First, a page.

Public Health

Crystal Hefner, wife of Playboy entrepreneur Hugh Hefner, recently elected to have her breast implants removed because she believed that they “were slowly poisoning her.” This was after she read Internet comments from people who shared similar symptoms and said implants were the problem, and after she believed she had chronic Lyme disease.

Science is not on her side. Not even close.

Habitual cycling, whether as transportation to work or as a recreational activity, has been associated with lower risk of developing type 2 diabetes (T2D), according to an epidemiology paper in PLOS Medicine, which affirms that Type 2 diabetes is a lifestyle disease, brought on by too many calories and not enough exercise.

The cohort analysis, conducted by Martin Rasmussen of the University of Southern Denmark, and colleagues, included 24,623 men and 27,890 women from Denmark, recruited between the ages of 50 and 65, and compared the association between self-reported recreational and commuter cycling habits with
type 2 diabetes

The New York Times (NYT) article is discussing a recent publication in the journal Environmental Health Perspectives related to “Project TENDR”, which stands for “Targeting Environmental Neuro-Developmental Risks”. In the NYT piece, statements of the Project TENDR group presented in the published paper are summarized and it is pointed out that this publication comes at the same time as the signing into law of the overhaul of the Toxic Substances Control Act (TSCA).

Current federal agricultural subsidies focus on financing production of food commodities, a large portion of which are converted into high-fat meat and dairy products, refined grains, high-calorie juices and soft drinks (sweetened with corn sweeteners), and processed and packaged foods.

Karen R. Siegel, Ph.D., of the Centers for Disease Control and Prevention, Atlanta, and coauthors used data from the National Health and Nutrition Examination Survey from 2001 to 2006 to calculate an individual-level "subsidy score" for consumption of subsidized food commodities as a percentage of total calorie intake.

The study, which relied on a single day of 24-hour dietary recall, included 10,308 participants, about half of whom were men, with an average age of about 40.

On June 15 the EU Commission (EC) issued its highly anticipated “scientific criteria” for identifying Endocrine Disrupting Chemicals (EDCs). Now that the dust has settled, and stakeholders around the globe have had a chance to offer their thoughts, the time is ripe to explore to the heart of the criteria – what the EC selected (and what it didn’t select), and the potential impact their choices will have on consumers, industry and the global regulatory arena.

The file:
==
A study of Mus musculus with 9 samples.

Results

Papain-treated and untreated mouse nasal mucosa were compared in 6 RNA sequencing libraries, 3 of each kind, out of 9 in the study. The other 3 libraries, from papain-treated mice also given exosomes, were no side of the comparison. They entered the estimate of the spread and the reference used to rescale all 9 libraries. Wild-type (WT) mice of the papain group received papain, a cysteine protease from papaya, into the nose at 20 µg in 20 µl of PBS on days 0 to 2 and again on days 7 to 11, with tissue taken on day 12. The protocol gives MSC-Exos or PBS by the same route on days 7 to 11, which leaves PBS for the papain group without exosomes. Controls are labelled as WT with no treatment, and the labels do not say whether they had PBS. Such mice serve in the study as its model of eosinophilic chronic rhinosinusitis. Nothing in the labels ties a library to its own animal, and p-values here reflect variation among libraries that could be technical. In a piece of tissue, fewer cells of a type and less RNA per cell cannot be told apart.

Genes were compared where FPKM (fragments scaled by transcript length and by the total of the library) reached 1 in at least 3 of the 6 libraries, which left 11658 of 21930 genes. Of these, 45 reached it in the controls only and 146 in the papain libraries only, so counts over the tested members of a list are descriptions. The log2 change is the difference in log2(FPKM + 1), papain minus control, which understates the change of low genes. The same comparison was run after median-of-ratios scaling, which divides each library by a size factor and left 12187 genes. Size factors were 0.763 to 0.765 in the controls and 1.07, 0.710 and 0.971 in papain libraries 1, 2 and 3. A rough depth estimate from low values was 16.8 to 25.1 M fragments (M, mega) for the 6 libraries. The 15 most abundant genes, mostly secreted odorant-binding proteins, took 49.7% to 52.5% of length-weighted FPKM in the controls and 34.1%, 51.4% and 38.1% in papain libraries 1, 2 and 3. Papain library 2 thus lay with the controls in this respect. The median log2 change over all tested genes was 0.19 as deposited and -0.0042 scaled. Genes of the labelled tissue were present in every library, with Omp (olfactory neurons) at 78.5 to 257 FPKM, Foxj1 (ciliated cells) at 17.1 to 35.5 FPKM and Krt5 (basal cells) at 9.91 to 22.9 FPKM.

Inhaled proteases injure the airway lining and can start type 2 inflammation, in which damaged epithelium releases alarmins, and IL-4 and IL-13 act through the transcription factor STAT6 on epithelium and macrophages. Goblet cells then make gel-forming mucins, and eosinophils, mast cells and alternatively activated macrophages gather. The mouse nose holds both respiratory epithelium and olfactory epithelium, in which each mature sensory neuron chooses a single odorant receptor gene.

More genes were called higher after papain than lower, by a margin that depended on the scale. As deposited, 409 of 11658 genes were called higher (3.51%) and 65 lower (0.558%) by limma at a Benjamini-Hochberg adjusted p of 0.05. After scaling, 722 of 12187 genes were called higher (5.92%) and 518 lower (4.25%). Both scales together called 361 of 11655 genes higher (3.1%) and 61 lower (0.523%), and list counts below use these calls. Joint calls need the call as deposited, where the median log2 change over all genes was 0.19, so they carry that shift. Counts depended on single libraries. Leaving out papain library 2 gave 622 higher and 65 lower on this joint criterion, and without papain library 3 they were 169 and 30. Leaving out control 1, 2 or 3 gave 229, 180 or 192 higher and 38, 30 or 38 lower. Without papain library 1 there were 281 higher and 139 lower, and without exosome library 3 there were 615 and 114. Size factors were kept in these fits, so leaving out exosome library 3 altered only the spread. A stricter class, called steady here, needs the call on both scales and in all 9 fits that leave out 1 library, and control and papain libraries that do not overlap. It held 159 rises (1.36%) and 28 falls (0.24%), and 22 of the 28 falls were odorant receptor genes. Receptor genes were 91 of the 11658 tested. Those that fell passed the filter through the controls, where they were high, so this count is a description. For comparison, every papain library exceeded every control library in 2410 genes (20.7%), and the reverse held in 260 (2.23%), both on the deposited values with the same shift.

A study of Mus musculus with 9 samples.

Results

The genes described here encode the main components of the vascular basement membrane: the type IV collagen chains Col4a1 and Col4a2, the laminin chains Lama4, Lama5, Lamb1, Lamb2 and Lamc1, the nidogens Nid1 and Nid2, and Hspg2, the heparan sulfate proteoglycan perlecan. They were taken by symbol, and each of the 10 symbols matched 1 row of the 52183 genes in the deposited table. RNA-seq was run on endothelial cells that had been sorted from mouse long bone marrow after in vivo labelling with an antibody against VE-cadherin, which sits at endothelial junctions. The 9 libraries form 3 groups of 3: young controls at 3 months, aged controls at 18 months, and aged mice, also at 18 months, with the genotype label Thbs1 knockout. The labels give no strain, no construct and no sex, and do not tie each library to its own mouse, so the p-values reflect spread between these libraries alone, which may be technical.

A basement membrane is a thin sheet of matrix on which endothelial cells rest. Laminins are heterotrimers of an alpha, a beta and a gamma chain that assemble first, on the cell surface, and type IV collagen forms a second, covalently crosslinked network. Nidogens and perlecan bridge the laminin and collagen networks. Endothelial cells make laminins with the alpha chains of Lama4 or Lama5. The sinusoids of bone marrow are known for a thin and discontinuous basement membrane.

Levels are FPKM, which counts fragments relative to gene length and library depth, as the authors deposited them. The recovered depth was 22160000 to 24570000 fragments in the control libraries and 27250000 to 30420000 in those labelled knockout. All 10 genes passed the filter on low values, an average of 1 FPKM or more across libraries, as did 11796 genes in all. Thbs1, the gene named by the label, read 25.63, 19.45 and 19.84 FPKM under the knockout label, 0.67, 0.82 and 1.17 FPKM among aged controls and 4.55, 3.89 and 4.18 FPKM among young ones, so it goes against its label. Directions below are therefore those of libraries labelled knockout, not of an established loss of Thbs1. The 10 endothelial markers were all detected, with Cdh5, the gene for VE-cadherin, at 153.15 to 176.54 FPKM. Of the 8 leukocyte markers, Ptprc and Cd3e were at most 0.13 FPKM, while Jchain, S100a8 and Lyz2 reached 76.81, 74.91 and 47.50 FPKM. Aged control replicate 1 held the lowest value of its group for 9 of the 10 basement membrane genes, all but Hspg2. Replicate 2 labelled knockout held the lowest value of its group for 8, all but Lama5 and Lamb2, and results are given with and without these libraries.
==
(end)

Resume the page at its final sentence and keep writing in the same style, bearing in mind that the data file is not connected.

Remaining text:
Just a few years ago, I was a practicing naturopathic doctor. I considered myself to be a primary care physician who had been trained in the best of two worlds: supposedly, one was modern medicine and the other was a mixture of alternative practices based in “ancient wisdom.”

The risk of people developing Type 2 diabetes is lower for people who consume more whole grains, fruits, vegetables, nuts, and legumes, notes a study in PLOS Medicine.

British taxpayers spend billions for the health care of an increasingly overweight population. The World Health Organisation predicts that almost three-quarters of men and two-thirds of women in the UK will be overweight or obese by 2030.

Graham MacGregor is Professor of Cardiovascular Medicine at the Wolfson Institute of Preventive Medicine, Queen Mary, University of London was trained as a nephrologist but then became interested in blood pressure control mechanisms, particularly related to the renin-angiotensin system, the mechanisms whereby salt puts up blood pressure. Now he says he knows a magic bullet for halting obesity: unsurprisingly it is in line with all of the latest fad claims in media.
A core platform of the massive promotion of e-cigarettes has been the argument that because these products involve no combustion but only vaporization, they must be substantially less dangerous than smoked tobacco. Few – including me – would disagree with that.

Acupuncture, like most other alternative therapies, is particular popular for indications that are:

1. chronic

2. associated with a high burden of suffering,

3. not easily treatable with conventional therapies,

4. are frequently resolved without any intervention.

Infertility or subfertility tick most of these boxes. It is therefore not surprising that acupuncturists the world over claim that acupuncture can cure infertility. But is this claim based on evidence or on wishful thinking?